UNITED NATIONS - A British bid at the UN Security Council to demand a ceasefire in Libya faced opposition Thursday from Russia and the United States, raising doubts about prospects for a draft resolution to halt the bloodshed in Tripoli, diplomats said.
Britain put forward the measure after forces loyal to Khalifa Haftar launched an offensive on April 4 to seize Tripoli, a move that threatened to plunge the north African country into deep turmoil.
During a closed-door council meeting on Thursday, Russia again insisted that there be no references in the draft resolution criticizing Haftar while the United States appealed for more time to weigh its options, diplomats said.
The divisions among world powers deepened as fighting escalated in Tripoli, with the death toll now reaching over 200, while more than 25,000 people have been driven from their homes.
"We want to have this resolution," German Ambassador Christoph Heusgen told reporters after the meeting. "We want to have a strong resolution... with a united council - everybody behind it - that says who is responsible and what needs to be done."
"Not having this now is something that is frustrating," he added.
British Ambassador Karen Pierce said efforts would continue to reach a consensus next week.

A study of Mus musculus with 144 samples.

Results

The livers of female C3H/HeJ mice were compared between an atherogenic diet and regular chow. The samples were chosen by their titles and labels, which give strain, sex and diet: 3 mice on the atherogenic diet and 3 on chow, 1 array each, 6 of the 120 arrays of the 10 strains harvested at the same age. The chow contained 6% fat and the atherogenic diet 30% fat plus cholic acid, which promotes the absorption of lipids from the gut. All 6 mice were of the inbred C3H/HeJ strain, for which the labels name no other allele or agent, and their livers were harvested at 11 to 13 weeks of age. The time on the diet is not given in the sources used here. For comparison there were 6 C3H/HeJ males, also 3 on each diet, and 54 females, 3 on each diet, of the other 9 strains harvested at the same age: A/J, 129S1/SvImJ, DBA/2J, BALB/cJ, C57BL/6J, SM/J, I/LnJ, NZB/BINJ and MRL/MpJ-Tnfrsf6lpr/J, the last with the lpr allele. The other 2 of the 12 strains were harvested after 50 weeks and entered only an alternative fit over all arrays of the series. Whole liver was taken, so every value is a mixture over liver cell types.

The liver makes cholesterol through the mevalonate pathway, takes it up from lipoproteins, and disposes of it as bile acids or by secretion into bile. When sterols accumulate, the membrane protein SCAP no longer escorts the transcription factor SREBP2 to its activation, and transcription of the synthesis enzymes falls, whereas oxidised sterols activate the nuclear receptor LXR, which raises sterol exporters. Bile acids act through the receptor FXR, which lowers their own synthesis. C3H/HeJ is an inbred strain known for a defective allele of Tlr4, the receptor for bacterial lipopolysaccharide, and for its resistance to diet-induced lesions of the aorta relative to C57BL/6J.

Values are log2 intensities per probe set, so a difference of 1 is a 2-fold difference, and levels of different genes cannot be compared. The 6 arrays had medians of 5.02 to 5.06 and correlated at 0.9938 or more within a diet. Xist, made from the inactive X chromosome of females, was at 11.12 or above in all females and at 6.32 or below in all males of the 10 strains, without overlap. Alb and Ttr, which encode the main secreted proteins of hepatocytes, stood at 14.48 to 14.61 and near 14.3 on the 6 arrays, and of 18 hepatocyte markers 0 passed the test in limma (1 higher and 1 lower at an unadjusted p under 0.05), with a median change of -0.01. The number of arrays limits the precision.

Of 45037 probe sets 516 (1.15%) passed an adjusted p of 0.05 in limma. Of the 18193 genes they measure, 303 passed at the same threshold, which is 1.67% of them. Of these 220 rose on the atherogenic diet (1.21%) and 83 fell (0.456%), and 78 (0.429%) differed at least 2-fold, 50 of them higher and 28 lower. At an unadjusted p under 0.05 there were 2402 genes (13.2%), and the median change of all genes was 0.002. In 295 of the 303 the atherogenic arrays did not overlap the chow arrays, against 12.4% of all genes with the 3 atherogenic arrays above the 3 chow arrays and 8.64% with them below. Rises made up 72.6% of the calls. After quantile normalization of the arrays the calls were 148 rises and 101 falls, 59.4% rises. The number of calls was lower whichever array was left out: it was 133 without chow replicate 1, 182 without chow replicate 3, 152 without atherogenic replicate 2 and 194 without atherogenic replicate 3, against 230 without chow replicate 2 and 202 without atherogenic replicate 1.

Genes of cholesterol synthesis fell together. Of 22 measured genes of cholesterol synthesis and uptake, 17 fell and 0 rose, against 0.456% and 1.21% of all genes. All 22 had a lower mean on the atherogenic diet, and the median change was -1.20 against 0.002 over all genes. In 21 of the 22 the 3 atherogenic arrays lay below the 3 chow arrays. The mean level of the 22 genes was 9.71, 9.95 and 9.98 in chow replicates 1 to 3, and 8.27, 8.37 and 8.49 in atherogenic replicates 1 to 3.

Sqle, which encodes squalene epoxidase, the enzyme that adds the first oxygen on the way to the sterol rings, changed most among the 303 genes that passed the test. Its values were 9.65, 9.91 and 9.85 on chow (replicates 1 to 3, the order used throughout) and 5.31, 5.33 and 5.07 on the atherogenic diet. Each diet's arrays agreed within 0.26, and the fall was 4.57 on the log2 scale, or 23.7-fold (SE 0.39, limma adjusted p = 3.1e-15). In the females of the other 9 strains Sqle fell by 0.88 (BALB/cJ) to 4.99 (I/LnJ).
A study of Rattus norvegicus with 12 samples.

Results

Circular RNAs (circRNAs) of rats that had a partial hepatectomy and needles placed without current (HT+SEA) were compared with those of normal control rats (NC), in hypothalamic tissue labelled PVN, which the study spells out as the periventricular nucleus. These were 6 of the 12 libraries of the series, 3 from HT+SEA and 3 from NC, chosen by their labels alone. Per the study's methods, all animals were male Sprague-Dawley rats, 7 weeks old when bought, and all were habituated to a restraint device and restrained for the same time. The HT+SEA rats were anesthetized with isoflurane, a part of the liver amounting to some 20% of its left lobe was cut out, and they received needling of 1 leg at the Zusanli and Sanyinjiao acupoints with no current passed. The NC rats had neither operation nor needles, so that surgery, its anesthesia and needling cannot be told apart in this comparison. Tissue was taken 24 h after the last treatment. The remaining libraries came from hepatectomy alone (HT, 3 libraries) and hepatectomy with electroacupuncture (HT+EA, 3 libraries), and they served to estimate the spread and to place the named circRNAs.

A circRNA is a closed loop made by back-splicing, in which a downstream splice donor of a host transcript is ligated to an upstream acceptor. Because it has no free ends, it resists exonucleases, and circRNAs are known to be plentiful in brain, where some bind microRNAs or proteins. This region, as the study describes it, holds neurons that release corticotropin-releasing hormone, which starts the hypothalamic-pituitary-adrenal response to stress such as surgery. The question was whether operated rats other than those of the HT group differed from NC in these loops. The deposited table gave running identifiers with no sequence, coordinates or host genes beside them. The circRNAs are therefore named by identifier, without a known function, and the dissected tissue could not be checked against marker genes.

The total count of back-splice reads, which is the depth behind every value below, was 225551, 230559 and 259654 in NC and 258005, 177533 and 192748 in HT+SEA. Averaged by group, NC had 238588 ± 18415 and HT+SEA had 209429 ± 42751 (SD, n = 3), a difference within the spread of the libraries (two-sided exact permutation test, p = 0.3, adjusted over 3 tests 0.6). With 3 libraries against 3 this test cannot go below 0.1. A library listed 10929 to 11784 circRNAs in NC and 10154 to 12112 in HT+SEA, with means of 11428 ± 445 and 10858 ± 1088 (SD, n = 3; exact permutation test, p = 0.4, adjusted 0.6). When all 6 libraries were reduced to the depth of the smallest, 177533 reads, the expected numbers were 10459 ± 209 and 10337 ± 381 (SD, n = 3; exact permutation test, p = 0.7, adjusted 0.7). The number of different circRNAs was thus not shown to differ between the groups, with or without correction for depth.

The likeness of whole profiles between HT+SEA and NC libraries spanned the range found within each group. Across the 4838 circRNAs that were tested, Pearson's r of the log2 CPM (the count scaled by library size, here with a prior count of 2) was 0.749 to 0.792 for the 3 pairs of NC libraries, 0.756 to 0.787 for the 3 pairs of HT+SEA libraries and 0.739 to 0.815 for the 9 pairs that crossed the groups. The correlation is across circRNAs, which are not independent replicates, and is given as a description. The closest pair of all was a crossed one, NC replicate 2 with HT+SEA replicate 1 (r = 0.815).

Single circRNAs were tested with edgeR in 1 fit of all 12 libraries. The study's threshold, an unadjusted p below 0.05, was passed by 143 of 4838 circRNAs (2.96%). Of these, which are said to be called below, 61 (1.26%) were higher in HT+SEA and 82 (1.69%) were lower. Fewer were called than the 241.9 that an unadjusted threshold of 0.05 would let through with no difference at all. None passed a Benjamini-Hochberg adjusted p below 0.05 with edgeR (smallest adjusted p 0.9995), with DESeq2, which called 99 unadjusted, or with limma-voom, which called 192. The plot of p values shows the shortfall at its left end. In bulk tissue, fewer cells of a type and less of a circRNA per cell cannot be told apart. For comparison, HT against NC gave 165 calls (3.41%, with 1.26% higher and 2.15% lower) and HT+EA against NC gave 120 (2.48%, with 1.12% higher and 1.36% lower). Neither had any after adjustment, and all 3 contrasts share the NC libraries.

UN diplomats however raised doubts over whether the council would be able to agree a text, with the US reluctance to take action throwing a new spanner in the works.
There was speculation that President Donald Trump's administration may be consulting Egypt, a strong Haftar ally, and other players in the region, or with the Libyan leaders themselves, on how to address the crisis.
The council heard a briefing by video link from Tripoli by UN envoy Ghassan Salame, who raised concerns about the escalation in fighting and weapons flows to Libya.
Haftar, seen by his allies Egypt and the United Arab Emirates as a bulwark against Islamists, has declared he wants to seize the capital, now controlled by a UN-recognized government and an array of militias.
The military commander backs a rival administration based in eastern Libya that is refusing to recognize the authority of the Tripoli government.